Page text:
The House and Senate are following different rhetorical paths in redrawing Florida’s congressional borders, but so far their proposals are pretty similar. Lawmakers got back to the grind Monday reworking the map.
The Florida House gathered Monday to discuss the staffer-drawn base congressional map before the entire body. Meanwhile, the Senate’s redistricting committee met to consider a number of alternative proposals.
And that’s this session in a nutshell: while the Senate has analyzed, considered and debated, House lawmakers are simply holding their noses as they approve borders they say the court has forced upon them.
“You have to understand that I am in a position of defending a configuration that I don’t believe, in my personal interpretation, fits the constitutionality requirements as did the enacted map,” House Select Committee on Redistricting Chair Jose Oliva (R-Miami Lakes) says.
In the Senate, lawmakers are no less upset with the Supreme Court, and they don’t like the base map either. But they’re working on plans to fix it.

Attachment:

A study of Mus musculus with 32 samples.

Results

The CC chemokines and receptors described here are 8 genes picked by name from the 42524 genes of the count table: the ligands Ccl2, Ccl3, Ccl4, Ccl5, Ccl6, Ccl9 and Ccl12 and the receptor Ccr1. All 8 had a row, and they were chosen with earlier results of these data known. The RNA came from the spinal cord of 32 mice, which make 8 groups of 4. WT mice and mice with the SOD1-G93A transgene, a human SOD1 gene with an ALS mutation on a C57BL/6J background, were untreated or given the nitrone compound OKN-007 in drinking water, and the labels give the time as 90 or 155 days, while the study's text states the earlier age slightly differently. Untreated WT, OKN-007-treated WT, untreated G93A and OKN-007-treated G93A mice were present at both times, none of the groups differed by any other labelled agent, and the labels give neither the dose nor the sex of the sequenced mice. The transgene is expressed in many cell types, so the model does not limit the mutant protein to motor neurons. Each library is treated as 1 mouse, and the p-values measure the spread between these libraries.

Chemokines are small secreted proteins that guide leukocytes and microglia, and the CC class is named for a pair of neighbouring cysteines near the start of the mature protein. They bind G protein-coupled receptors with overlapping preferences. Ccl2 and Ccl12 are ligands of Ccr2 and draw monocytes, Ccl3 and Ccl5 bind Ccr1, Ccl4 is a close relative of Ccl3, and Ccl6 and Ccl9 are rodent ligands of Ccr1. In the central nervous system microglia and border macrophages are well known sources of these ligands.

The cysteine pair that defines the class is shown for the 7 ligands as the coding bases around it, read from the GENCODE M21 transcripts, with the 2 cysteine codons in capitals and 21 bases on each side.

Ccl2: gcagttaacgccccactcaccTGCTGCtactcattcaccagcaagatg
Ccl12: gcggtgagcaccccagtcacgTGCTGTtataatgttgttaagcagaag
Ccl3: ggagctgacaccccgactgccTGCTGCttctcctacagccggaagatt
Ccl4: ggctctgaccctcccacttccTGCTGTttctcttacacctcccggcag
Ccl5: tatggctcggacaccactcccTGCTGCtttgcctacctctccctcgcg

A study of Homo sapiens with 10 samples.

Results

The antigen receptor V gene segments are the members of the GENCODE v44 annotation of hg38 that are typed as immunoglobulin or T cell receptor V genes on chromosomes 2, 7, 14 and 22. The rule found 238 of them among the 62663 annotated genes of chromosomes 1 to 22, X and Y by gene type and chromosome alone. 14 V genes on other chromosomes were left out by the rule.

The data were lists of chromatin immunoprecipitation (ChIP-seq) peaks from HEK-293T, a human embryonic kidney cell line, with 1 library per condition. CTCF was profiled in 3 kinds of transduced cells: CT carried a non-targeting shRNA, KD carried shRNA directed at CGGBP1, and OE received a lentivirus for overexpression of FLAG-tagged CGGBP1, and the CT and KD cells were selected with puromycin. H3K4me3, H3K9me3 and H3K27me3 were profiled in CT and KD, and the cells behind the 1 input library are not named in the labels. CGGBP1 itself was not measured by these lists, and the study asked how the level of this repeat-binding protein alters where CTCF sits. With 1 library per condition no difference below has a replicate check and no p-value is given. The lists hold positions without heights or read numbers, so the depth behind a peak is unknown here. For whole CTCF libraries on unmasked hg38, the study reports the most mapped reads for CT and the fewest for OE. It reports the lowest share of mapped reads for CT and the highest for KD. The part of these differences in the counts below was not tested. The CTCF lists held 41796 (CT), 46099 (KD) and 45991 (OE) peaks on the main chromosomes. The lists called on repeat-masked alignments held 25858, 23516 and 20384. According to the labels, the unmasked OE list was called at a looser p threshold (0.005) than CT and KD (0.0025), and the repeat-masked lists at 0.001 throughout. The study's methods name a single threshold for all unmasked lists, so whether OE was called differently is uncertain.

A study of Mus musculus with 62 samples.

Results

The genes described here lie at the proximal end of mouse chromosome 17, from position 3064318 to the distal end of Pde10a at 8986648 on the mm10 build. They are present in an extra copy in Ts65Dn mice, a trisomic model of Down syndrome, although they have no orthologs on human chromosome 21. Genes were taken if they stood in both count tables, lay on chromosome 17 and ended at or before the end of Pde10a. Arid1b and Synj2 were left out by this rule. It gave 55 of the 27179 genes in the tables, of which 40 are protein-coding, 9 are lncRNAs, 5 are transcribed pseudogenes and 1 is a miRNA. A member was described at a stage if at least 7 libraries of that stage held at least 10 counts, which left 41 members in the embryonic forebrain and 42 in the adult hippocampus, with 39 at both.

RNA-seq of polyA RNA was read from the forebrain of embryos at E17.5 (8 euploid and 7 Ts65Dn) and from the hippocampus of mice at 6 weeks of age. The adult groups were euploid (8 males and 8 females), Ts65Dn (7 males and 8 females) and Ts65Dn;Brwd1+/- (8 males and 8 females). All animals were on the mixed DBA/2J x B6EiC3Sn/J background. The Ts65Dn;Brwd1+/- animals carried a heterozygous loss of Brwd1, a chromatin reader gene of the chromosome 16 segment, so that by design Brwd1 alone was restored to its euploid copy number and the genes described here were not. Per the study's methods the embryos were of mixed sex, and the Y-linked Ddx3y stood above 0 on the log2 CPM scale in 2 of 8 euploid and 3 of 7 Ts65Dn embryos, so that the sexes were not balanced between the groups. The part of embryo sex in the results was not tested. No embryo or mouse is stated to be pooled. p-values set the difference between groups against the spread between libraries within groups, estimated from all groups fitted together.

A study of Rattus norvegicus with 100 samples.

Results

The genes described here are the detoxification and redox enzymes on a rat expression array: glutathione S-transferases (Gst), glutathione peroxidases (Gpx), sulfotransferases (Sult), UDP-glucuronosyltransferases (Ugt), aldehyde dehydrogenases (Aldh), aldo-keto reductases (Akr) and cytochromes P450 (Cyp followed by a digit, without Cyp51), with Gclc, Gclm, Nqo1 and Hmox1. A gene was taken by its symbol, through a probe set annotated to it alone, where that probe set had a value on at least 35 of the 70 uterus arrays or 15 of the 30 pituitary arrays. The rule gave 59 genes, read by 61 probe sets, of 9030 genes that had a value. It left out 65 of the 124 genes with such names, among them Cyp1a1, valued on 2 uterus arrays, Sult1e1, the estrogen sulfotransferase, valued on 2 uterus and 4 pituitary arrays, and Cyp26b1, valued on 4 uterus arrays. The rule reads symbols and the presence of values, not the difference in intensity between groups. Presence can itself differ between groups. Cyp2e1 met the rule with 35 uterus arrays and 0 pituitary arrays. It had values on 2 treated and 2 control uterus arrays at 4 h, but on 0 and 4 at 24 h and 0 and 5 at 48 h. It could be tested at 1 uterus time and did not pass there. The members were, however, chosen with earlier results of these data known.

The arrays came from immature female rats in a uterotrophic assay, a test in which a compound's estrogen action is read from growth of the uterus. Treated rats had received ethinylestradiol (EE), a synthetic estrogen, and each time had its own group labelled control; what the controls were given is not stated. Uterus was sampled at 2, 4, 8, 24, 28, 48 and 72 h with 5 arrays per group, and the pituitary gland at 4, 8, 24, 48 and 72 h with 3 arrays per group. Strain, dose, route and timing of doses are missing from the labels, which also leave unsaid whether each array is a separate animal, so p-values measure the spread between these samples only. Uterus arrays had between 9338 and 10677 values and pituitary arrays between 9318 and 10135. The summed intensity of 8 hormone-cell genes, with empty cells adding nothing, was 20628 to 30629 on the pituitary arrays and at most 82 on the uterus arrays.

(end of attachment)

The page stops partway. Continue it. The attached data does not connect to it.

Or at least the areas where they live.
Sen. Tom Lee (R-Brandon) developed a series of proposals over the weekend.
“We set out to try to see if we couldn’t address some of those priorities that existed based upon the knowledge of how the way communities operate and not do any damage to the maps,” Lee says.
Translation: Lee focused his changes on congressional districts close to the Tampa region he represents. The Senate committee approved his map Monday.
But the Senate doesn’t have a monopoly on talking around an issue. It’s just that in the House it’s a lot less subtle.
“You see we do not have the ability to be the final arbiter of the Constitution,” Oliva says, “but we do write law that affects that constitution.”
Translation there? The Supreme Court better watch its back, because Oliva and company are willing to push legislation reigning in the Court’s authority.
The House is set to bring the base map up for a final vote Tuesday. The Senate is scheduled for a floor session Wednesday to take up the map with Lee’s changes or any borders passed out of the House.